The wait is over! It was two years in the making, but Chi Chi LaRue’s Circus finally had its grand opening celebration at the newly re-imagined Circus of Books location, at 8230 Santa Monica Blvd., on Saturday, January 11.
WeHo residents and gay erotica connoisseurs gathered on the corner of Santa Monica Boulevard and La Jolla Avenue to get a first look at the new renderings. It was a who’s who (and who does gay skin flicks) at a reception with an open bar to mark the official opening of the new adult retail and art gallery mixed space.
The exterior of the new Chi Chi LaRue’s Circus is a nod to the history of the Circus of Books adult book store. Rob Novinger and Chi Chi LaRue (Larry David Paciotti) did something rarely seen in West Hollywood; they insisted on bringing back the classic aesthetic to what was originally known as Book Circus when it opened back in the 60s. The big picture windows have been restored to reflect the building’s original facade, and they opened the main entrance on the corner of the building, instead of having patrons enter from the side. The classic Circus of Books neon signage will also remain intact and lit on the historical building.
“I love the look of the new space,” LaRue told WEHO TIMES. “It was two years in the making and we’re finally open! This building could not have gone anywhere else. It would have been horrible if this became a Starbucks, even though I love Starbucks. This place was built in the 1960s, so for it to stay gay and in the gay family, and still be around for the gay community to enjoy, I think that’s awesome. Hopefully we can bring back Vaseline Alley.”
The interior design of the LaRue’s Circus stays true to the Chi Chi LaRue’s retail space located one mile east, on Santa Monica Boulevard, in the heart of WeHo’s Boystown. The space is open with high ceilings and fuchsia lighting. The store offers naughty gift items, campy apparel, sex toys, lube, condoms, and an array of erotic coffee table books. There is also an art gallery on the west side of the store, and a Tom of Finland exhibit in a dark back room area.
The Galley@Circus is currently showing select works by artist Jeremy Kost. On display are some of Kost’s Seismic Dreams collection, featuring his signature polaroids of single nude males, as well as photographs of some familiar drag queens, like Alaska Thunderfuck and Raja, and nightlife queen Amanda LaPore. The art book Seismic Dreams, will have an official launch at the gallery on February 15.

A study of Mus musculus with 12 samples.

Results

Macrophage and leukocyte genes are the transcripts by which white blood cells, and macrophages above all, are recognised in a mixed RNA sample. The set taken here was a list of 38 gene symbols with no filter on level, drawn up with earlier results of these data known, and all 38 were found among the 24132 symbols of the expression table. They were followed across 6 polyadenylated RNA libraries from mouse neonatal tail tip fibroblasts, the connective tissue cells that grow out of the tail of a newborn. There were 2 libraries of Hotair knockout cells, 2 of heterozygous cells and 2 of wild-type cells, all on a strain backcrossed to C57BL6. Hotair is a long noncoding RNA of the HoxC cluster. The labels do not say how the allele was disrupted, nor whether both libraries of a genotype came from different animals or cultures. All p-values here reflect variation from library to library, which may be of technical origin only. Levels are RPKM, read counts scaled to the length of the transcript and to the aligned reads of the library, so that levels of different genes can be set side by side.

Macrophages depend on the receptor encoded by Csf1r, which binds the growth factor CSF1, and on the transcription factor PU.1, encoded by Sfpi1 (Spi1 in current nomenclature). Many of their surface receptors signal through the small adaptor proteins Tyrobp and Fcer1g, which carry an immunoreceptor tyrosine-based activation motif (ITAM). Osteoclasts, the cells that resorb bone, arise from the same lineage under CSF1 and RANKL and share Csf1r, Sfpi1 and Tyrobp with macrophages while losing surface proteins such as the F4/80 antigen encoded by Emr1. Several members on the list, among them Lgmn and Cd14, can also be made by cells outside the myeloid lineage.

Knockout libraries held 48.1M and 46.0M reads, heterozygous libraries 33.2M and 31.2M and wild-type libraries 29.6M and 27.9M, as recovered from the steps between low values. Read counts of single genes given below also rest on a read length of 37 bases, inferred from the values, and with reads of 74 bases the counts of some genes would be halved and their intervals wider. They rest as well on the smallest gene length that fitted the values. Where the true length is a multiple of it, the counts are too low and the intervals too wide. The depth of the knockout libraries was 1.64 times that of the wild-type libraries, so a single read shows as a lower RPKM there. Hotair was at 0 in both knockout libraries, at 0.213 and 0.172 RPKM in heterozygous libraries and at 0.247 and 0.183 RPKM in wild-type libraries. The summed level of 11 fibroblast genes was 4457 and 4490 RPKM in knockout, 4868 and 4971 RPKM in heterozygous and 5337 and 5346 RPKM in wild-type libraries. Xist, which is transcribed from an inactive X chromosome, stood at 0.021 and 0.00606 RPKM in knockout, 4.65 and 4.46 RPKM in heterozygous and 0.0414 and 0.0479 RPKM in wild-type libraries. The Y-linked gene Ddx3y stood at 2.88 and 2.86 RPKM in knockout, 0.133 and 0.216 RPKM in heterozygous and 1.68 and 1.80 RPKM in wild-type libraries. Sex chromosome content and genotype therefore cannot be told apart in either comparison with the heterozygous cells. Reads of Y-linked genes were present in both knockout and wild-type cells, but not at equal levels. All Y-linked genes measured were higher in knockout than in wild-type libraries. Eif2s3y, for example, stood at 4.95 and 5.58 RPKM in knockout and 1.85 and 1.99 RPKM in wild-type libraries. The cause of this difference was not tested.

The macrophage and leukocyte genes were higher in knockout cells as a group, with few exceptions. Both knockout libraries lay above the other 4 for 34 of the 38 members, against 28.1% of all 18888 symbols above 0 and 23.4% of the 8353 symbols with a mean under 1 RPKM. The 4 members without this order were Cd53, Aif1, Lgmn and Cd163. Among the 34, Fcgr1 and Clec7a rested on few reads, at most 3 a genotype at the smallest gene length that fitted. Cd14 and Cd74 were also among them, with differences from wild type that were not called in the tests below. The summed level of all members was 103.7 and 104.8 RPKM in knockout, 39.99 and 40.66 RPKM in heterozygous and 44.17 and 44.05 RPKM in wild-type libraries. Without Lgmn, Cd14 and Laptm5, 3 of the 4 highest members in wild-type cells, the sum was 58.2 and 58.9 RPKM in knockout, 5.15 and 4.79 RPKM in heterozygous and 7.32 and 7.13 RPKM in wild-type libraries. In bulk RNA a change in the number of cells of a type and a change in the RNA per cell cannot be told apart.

Other points of interest are the display of adult entertainment trophies and shelves filled with a collection of vintage magazines, photographs and other collectible items from gay porn of yesteryear. These items are not for sale, but interesting to look at.
“The space is amazing,” said former Circus of Books book store owner Barry Mason. “I’m amazed they were able to pull it off. It’s way different than ours. They kept the old sign which reminds me of the store, but once you get in, it’s very different. It took ten months. The city of West Hollywood made it so difficult, but we finally got the OK to open it.”
Mason still owns the building with his wife Karen Mason.
Mason’s daughter, Rachel Mason, the director and producer of the Circus of Books Documentary, was at the event with her boyfriend Buck Angel (they’ve been dating since their first date during the premier of the documentary at Outfest in Los Angeles last July). She said she is pleased with the changes made to the store formerly owned by her parents and she is excited about the future art showings at the new gallery.
Co-owner Rob Novinger is also satisfied with the end results of his new Circus. He said he feels the outcome stayed true to his vision—for the most part, and that there is still work to be done.
“I’m very happy with outcome,” he said. “There is a whole plan with the city. This is a historic building, so Barry, got a lot of pushback from the City. He has to follow what they are recommending. The colors of the exterior are not going to be anything crazy. It’s going to be something that goes with the era. That’s the rule. It used to be striped when it was Book Circus, but they won’t let me stripe it. It’s too bad because I really like the stripes.”
Novinger says the wait was the most challenging part in the making Chi Chi LaRue’s Circus and that he really hopes all the work pays off.
“Retail is tough right now,” he said. “We’re opening another store. This is our second location. It’s a whole different clientele this side of Santa Monica Boulevard. I hope people come back to Circus. It’s re-imagined in 2020. We’ll see.”